There were four days in mid-April that hung around 80 degrees in the Twin Cities, and the hope that golf season was about to explode after a late winter filled the hearts of daily-fee course operators with optimism across our Frozen Wasteland.

"The snow was melted, the grass was appearing and we would soon be taking tee times," said Tom Abts, major domo, No. 1 stockholder and chief promoter at Deer Run Golf Club in Victoria. "And then the weather kicked us again. We're three weeks behind a normal opening, which is April 4."

Abts said this with a wince, which he does in impressive style when talking of the pains that go with the joy of being enraptured by a golf course that has commanded one's life for over 30 years.

"My wife, Sandy, she is a saint," Abts said. "What she constantly hears from me, 'We have to do this to maintain the course, we have to do that to improve our facilities.' And, somehow, she rolls with it."

A pause and then: "Drainage. You can't imagine what it cost for drainage to make this course what it is today."

World-class wince.

A longer pause and then from the hilltop tee box on No. 15, he pointed to the left side of the fairway way down low and said: "Those bunkers are all redone. Bunkers … they are expensive!"

Another mighty wince.

Deer Run finally had its opener on Monday. The first three days were cold and then, on Thursday, the temperature broke into the 50s. There was spotty rain, but the loyalists descended on the course, filling up the tee sheet.

Abts hosted me on a cart ride around the course early in the afternoon. There was a quip and a brief conversation with every foursome encountered.

Those conversations weren't long, because Abts is a huge advocate of keeping play moving.

"I started 'Fast Play Friday' here in 1997," he said. "We were the first to do that. We had six rangers out there, taking care of three holes apiece. If you fell behind, they'd tell the group, 'You have to skip, say, No. 11 and catch up.'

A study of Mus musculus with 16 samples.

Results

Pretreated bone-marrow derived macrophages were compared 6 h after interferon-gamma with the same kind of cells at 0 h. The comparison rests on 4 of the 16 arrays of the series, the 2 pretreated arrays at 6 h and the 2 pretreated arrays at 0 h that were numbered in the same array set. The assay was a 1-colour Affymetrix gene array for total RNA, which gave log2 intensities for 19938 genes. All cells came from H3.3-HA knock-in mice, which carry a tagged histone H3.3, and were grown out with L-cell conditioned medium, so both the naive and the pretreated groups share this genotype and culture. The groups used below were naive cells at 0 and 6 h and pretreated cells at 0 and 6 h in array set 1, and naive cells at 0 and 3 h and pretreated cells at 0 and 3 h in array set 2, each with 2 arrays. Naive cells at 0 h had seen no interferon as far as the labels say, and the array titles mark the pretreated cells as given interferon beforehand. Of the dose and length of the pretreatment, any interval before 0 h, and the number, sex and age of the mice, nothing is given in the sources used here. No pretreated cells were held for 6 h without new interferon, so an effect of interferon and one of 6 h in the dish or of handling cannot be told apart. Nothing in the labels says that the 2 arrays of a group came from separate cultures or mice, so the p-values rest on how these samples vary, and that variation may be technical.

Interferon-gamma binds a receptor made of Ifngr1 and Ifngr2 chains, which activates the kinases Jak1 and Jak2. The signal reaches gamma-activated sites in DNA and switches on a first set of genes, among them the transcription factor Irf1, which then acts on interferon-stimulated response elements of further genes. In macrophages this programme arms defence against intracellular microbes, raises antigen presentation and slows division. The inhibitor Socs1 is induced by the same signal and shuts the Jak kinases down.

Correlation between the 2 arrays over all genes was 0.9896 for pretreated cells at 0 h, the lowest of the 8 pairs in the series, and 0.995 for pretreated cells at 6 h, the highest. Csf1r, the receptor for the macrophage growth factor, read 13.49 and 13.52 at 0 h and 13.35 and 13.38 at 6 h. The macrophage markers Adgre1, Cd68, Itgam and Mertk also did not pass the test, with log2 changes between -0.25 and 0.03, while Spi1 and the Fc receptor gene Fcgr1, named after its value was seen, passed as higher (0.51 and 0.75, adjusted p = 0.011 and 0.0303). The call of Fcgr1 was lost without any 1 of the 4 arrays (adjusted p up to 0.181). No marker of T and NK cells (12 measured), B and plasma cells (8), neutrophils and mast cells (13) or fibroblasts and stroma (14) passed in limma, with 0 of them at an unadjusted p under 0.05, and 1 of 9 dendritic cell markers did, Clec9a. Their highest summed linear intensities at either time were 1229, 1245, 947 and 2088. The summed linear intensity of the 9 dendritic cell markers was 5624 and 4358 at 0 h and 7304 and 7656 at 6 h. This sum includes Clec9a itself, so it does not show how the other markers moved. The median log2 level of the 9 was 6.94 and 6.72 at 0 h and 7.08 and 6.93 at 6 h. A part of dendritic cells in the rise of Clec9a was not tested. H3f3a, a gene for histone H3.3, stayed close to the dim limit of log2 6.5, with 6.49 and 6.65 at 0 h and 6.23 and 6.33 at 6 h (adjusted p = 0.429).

"It's tradition now. Play here on Friday, you're getting done in four hours or less, even with the course full."

The Confirmed Hacker, my nom de plume in golfing days, ventured onto Deer Run quite a few times a couple of decades ago. The humor was always high, but I recall some soggy areas to avoid.

Drainage. Can't imagine what it cost, but Deer Run was looking in amazing condition in lieu of the late winter.

"We got through the '90s living on a fun atmosphere and a functional course," Abts said. "Then I was able to hire Barry Provo as our superintendent in 2001. He's the best. Everybody will tell you that."

How does little old Deer Run keep someone like that?

"I stay out of his way," Abts said. "He's the reason our greens are always good, that our fairways look like this in the first week we're open."

There are no memberships at Deer Run. There is no longer a Thursday men's league.

"We have a tremendous number of regulars, but everyone's a guest," Abts said.

By admission, Abts isn't terribly accepting when a guest has a suggestion to improve the course. And don't try calling him for that purpose: He has neither a cellphone nor a landline.

Sandy's the only shot to get him.

The staff in the clubhouse is known as a home to characters. "We got a Herron, Ketti [Histon], Tim and Alissa's sister, and Ketti is hilarious," Abts said. "You can't talk to her without getting a laugh."

The bar and little restaurant in the back is called Augie's Pub. It's named in honor of Augie Schmidt, most notorious as the St. Louis Park basketball coach when Jim Petersen was the Orioles' star, and later a legend working the Deer Run front desk until his death in 2002.

"Augie smoked cigarettes out front and got mad when the phone rang with someone wanting a tee time," Abts said. "He'd say, 'Tommy, that phone's ringing all the time.' Then he'd answer with, 'What do you want?'

"He was a fantastic character."

Augie's ashes are spread by the 18th green. And Jim Pete and his family joined Augie's wife and son in doing those honors.

Yes, it was a fine Thursday with tales to be told and foursomes to be greeted at Deer Run. And then came a weekend of rain, always worthy of a Tom Abts wince.